Food safe glazes: how can you tell if your pottery will be food safe?

There has been a lot of chatter recently about food-safe glazes and how to tell if a piece of pottery will be food safe. Generally, a piece of pottery is considered food safe when it meets the following criteria:

  1. Surfaces that come into direct contact with food or drink must be fired to their full maturity so the clay particles vitrify enough to form a waterproof surface or be covered by a smooth, glassy glaze without cracks or rough spots that could allow food to penetrate through the glaze to the clay body. Note that even when fired, low-fire clay remains porous enough that fluids may penetrate the surface and soak into the clay. Any surface that comes in contact with food or drink on pieces made from low-fire clays must therefore be covered with a food-safe glaze that has been correctly fired. 
  2. Any glaze that comes in contact with food needs to be chemically sound and not leach metal oxides into the food. It is a good best practice to use a transparent or white liner glaze that you know does not contain any harmful elements on the inside of any piece meant to be used with food or drink. Glazes whose surfaces are heavily crystallized or overly melted (runny), brightly colored (without a clear overglaze), or very matte, are the most likely to be unsuitable for food.

Chemical Stability of Glazes

A cream bowl on a granite countertop. The bowl shows glaze crazing.

Chemical stability is also very important to food safety. Although a ceramic glaze is considered a glass, it actually can dissolve over time when in contact with liquids if it's not chemically stable. If a glaze contains metal oxide colorants such as barium, lithium, or lead, these compounds can then dissolve into food or drink, especially in the case of acidic foods like lemon juice or coffee.

If the glaze does not contain enough silica there is a good chance a stable glass has not been formed. It is also important to notice high percentages of oxides like BaO, MnO, PbO, or Li2O, which have the potential to leach. High percentages of these oxides or a low percentage of silica would be obvious in the recipe and should warn you that the glaze may not be suitable for food ware.

The absolute limits for all oxides (to prevent leaching) are hard to establish, as glaze chemistry is much more complex than that of regular glass. Still, there is value in being aware of obvious chemistry irregularities like large amounts of metal oxides. In general, any recipe that uses more than 3% of any metal oxide should be tested for leaching before being considered food safe.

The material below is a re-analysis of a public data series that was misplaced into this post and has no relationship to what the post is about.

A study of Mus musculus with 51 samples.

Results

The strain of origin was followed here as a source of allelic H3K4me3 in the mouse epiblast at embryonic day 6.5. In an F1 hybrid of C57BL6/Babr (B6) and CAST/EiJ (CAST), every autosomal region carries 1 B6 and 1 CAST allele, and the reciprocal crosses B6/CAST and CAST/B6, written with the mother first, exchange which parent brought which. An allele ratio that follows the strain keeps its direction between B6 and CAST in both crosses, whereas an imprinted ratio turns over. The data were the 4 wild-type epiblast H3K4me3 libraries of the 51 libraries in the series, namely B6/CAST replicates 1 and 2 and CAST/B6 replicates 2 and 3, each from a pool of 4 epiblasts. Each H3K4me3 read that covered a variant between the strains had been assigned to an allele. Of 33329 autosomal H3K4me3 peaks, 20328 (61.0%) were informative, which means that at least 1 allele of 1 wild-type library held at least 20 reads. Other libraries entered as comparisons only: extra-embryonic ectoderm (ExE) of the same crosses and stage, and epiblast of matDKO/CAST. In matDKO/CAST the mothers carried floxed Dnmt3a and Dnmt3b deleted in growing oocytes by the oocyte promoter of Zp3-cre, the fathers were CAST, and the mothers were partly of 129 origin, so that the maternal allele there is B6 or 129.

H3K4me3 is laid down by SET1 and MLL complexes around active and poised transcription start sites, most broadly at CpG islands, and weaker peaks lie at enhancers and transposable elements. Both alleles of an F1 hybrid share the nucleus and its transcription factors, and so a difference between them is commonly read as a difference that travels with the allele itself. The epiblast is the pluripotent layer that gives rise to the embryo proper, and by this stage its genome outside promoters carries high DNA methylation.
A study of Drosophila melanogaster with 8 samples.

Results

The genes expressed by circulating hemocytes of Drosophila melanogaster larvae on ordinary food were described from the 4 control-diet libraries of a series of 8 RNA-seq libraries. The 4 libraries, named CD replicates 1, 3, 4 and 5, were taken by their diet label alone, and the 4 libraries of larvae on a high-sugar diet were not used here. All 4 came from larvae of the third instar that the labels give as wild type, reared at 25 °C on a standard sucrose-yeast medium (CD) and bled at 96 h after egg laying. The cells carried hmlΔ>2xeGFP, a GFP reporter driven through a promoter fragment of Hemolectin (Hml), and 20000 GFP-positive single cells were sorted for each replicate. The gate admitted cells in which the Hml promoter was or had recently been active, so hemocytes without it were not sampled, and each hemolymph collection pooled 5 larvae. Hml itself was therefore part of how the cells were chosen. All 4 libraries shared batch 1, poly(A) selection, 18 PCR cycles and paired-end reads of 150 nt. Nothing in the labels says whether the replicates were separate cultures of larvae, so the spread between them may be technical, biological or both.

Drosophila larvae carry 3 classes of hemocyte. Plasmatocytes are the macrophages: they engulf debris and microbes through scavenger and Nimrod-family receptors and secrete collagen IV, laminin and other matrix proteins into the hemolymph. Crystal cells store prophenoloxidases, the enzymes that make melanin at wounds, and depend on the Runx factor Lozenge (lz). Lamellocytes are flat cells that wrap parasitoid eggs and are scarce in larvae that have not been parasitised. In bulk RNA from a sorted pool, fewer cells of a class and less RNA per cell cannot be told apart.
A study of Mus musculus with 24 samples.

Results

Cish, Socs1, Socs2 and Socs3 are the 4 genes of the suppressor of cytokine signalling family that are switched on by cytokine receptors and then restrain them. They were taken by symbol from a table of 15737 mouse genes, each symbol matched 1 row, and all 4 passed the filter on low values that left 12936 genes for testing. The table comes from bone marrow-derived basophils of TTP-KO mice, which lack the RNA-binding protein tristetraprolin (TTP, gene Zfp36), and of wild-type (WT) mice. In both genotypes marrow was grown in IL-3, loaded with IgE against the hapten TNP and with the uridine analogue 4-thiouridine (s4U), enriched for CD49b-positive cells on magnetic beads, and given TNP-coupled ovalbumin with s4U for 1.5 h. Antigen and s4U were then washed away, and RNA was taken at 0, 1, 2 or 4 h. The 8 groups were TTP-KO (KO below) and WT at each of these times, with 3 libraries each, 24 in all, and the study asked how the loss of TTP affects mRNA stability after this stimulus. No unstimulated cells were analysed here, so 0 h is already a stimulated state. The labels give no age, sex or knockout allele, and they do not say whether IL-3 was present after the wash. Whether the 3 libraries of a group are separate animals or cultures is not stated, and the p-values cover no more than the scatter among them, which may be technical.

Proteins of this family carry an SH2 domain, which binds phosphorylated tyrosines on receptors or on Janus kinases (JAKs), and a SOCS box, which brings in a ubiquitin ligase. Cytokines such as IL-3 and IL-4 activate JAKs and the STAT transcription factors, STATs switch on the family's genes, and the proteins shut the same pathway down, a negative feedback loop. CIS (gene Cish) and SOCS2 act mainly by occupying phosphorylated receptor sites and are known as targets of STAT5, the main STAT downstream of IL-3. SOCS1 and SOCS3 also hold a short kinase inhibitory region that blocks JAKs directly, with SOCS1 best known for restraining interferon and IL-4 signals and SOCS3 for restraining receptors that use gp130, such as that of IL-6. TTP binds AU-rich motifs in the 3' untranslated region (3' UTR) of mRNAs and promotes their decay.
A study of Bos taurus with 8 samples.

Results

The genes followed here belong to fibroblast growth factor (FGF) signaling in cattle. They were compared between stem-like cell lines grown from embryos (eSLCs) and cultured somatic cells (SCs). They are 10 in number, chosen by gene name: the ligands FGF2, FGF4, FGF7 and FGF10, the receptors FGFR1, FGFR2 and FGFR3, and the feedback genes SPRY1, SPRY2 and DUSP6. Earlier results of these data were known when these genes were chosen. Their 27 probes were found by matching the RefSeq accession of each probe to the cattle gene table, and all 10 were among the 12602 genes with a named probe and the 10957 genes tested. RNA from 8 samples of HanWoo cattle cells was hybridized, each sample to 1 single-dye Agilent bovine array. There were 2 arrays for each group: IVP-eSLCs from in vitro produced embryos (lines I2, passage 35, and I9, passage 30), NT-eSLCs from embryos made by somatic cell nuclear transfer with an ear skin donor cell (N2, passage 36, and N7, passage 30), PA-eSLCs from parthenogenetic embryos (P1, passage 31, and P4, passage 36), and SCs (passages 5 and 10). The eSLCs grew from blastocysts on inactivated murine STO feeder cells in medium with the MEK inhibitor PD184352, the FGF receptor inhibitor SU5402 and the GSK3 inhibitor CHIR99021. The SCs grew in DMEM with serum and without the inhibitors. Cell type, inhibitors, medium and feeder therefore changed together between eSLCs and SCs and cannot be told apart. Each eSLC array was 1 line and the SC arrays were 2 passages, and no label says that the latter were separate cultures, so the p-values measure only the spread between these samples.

Glaze Crazing and Food Safety

Crazing is often seen as an interesting visual element, but from a food safety point of view, crazed ware is unacceptable. Crazing can severely weaken a piece and provide space where water can enter and saturate the clay if it's not completely vitrified. The cracks may also harbor bacteria if not sanitized regularly. Crazing happens when glazes are under tension because the clay and the glaze have different shrinkage rates. Simple awareness of crazing is a strong measure anyone can take to improve the safety of the ware they produce.

Of course, it is worth noting that even though crazing is considered not food-safe, people have been using crazed wares for centuries without experiencing negative health issues. There have even been scientific studies that show that as long as you wash pieces with crazed surfaces with soap they are just as healthy as non-crazed glazes. That said, if you have crazing, it is always a best practice to add a glossy, clear food-safe liner glaze over the food surfaces.

How to test if a glaze is food safe

A white and blue pottery bowl on a granite countertop. The bowl contains lemon juice and a slice of lemon as a way to test for food safety in the glaze

There are a few easy tests that anyone can perform to test if a glaze is chemically sound. 

A simple visual inspection will reveal crazing or shivering. If a piece of functional ware is used and put in the dishwasher every day crazing will almost certainly appear if the glaze is under stress. By placing a piece in ice water, then in boiling water repeatedly, you can reveal if these problems will happen over time from thermal shock.

A simple lemon test can also be performed to test if a glaze will leach over time:

  1. Squeeze the juice of one lemon and put one slice of the lemon onto a horizontal, glazed surface and leave it out overnight. 
  2. The next morning, remove the lemon and rinse the piece. If you see or feel any change in the color of the glaze, this indicates that the acid in the lemon juice was able to leach other materials out of the fired glaze.

If a glaze that fails this test were to be used for functional work, like a cup of coffee, the acid in the coffee could cause similar leaching of unwanted and potentially hazardous materials. If your glaze fails this test, don’t use it on functional work.

It’s important to note that if your glaze passes this test, it doesn’t necessarily mean that materials aren’t leaching out of the glaze at all, just that they aren’t leaching badly. If ever in doubt, use a clear or white liner glaze on all surfaces that will come into contact with food and drink, and save any questionable glazes for the outside of your work.